The 3 Biggest Risks to the Market Right Now

I’ve been looking at the glass-is-half-full side of things as it pertains to the markets lately so I should probably balance things out with some potential risks.

Black swans were all the rage coming out of 2008. Every year people now put out their lists of highly improbable events that could have a large impact on the markets.

Here’s my top 3 for 2022:


I’m sorry but you’re probably not going to predict the next black swan. No one predicted a pandemic would alter life as we know it in late-2019/early-2020.

What about some white swan risks?1

What are the risks that are out in the open that could have an impact on markets but not necessarily prove to be an outlier event?

The biggest risks are often the ones we don’t see coming but the smaller risks can still cause some short-term discomfort.

You could always say war or some other crazy variant or a collapse of civilization as we know it but I’m going to focus on market-related risks here.

1. Inflation. The bond market still doesn’t seem to be too concerned about inflation above 6%. Yes, the 10 year treasury yield has risen a tad over the past week but it’s still hovering around 1.7%, nowhere near the current inflation rate.

There are a lot of factors at play here but it’s possible the bond market simply doesn’t believe high inflation is here to stay.

But what if it is?

The stock market is a great hedge against higher inflation over the long-run. It can be a decent hedge over the short-run but persistently high inflation is not great for stock returns.

I looked back at calendar year returns for the S&P 500 going back to 1928 and compared them to different inflation regimes:

You can see 0% to 3% is the sweet spot. Nominal returns are actually pretty good when inflation is running at 6% or higher but those returns are swallowed up by inflation when you look on a real basis.

Last year was actually one of the best years on record with inflation running so high. The only time real returns were higher when inflation was 6% or more was in 1975.

Stocks could continue to do well with rising prices but corporations can only pass along higher prices for so long. Eventually, higher than average inflation becomes a headwind to the stock market.

2. The Fed. In 2018 we had two double-digit corrections in the U.S. stock market:

On Christmas Eve of that year we were basically in bear market territory. At the time no one really knew why the market was falling. There wasn’t a good reason.

After the fact most people agreed it was the Fed hiking rates:

The Fed raised rates to more than 2% then abruptly changed course after the market sell-off. Mortgage rates also rose to around 5% at the time so it was a decent little tightening cycle.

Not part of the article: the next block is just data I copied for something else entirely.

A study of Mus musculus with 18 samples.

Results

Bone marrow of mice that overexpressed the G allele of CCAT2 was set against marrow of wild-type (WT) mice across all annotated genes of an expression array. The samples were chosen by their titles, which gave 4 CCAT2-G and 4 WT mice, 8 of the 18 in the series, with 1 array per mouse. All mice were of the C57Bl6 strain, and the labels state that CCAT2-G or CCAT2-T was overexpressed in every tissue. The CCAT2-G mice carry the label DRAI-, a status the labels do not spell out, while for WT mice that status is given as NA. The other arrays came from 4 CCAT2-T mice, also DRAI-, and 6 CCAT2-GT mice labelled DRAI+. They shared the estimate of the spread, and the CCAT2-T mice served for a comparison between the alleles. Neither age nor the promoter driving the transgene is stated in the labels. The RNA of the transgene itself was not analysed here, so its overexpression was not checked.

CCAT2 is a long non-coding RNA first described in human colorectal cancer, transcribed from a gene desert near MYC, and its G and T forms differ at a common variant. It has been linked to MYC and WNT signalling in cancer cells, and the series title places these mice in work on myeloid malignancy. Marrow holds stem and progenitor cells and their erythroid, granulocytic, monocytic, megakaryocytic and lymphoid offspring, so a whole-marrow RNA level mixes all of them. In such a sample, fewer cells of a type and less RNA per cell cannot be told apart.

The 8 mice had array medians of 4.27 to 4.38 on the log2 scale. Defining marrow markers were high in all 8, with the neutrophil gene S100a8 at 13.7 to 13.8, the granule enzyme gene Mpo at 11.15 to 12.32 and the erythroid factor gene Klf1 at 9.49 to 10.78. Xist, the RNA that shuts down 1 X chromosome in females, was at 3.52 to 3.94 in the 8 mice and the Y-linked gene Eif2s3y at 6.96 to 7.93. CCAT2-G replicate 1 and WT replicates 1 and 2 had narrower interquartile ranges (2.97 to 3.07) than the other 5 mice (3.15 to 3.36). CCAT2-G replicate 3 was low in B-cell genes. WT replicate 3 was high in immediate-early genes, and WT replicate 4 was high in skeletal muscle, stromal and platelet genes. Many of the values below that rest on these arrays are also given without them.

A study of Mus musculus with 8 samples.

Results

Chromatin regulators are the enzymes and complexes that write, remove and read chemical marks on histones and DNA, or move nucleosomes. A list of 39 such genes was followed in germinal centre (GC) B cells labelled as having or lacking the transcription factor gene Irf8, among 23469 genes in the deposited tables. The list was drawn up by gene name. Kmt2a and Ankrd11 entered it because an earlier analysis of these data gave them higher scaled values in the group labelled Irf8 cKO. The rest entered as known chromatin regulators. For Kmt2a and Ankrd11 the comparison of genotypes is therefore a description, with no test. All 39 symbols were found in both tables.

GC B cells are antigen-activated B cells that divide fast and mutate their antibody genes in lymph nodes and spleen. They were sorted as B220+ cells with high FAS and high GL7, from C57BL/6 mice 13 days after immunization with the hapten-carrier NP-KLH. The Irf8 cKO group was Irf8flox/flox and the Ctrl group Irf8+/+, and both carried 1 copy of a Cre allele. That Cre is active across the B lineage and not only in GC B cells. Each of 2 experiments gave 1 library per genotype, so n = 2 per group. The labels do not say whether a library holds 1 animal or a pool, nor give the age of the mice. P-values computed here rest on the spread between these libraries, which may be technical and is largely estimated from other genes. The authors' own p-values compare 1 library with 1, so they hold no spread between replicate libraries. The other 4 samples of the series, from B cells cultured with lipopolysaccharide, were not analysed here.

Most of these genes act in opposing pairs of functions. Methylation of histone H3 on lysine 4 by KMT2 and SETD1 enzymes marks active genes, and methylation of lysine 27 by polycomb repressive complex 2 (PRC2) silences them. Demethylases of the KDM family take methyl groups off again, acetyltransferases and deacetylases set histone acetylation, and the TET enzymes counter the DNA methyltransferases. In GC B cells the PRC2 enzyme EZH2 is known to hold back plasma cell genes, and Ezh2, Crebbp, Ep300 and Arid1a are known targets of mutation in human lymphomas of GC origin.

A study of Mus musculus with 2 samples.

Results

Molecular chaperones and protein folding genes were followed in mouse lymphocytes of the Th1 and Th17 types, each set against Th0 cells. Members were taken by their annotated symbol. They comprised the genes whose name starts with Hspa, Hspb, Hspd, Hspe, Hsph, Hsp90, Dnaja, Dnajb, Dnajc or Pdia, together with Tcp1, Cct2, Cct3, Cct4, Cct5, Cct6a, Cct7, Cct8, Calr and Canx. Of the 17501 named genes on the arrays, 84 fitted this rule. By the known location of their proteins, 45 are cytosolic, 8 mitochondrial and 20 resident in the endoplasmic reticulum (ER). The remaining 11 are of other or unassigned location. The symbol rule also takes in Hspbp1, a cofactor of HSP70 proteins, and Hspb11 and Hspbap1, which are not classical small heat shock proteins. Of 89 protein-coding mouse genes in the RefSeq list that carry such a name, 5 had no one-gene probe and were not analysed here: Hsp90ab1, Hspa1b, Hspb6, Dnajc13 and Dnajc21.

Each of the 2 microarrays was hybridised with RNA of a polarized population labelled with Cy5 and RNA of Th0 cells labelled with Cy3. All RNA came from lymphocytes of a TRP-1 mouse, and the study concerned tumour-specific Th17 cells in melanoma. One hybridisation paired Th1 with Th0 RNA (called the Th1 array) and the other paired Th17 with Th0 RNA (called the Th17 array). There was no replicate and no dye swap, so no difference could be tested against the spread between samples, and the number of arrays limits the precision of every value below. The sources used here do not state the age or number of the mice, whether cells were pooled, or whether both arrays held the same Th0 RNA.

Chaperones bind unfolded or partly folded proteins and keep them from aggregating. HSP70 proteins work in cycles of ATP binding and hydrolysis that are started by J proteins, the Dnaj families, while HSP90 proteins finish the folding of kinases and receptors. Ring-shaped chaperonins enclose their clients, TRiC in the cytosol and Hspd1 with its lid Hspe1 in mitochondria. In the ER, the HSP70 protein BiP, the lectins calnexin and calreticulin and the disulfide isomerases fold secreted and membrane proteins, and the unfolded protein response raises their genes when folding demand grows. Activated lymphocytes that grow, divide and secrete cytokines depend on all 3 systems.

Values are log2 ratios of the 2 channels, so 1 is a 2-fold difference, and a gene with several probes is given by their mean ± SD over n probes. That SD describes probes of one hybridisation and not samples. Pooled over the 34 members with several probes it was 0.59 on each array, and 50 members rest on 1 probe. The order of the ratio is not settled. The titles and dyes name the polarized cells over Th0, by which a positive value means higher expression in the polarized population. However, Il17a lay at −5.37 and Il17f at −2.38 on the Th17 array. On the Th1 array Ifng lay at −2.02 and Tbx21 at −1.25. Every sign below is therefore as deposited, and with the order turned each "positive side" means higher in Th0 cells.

I don’t know what the line in the sand is for these things anymore but it’s possible too much tightening from the Fed could derail the stock market again.

And last time around they didn’t have inflation or higher economic growth to contend with so it’s hard to see them reversing course quite as quickly if markets don’t like higher rates.

History doesn’t always rhyme, repeat or retweet but it’s not out of the question for the stock market to get a little antsy if the Fed goes on a rate hike spree.

3. Stocks went up too much. Why did the stock market crash in 1987? There are all of these technical reasons about market structure and portfolio insurance but most people don’t realize stocks were up around 40% in the first 8 months of the year before the Black Monday crash.

And that’s after the market was already up nearly 150% from 1982-1986.

Sometimes the reason stocks fall is because they rise too much in a short period of time and investors look for an excuse to lock in some gains.

From April 2020 through the end of 2021, the S&P 500 was up 90%. That’s a massive return in a 21-month period. Just look at where it ranks for 21 month total returns going back to 1950:

The only time it was higher was in the 1950s bull market.

Guess what followed this nearly two-year boom?

There was an 11% correction in a month in the fall of 1955. Then in the summer of 1956 stocks tumbled 15%. Less than a year later the only bear market of the 1950s commenced as stocks fell nearly 21%.

Returns were still excellent throughout that decade but trees didn’t grow to the sky and corrections were a natural extension of large gains.

I would be more surprised if we don’t have a 10-20% correction in the next 18 months or so than if we do.

Michael and I talked about how even the best of times require pullbacks on occasion on this week’s Animal Spirits:

Is This the Greatest Bull Market in History?

Now here’s what I’ve been reading lately:

1Yes I made this one up. Just go with it.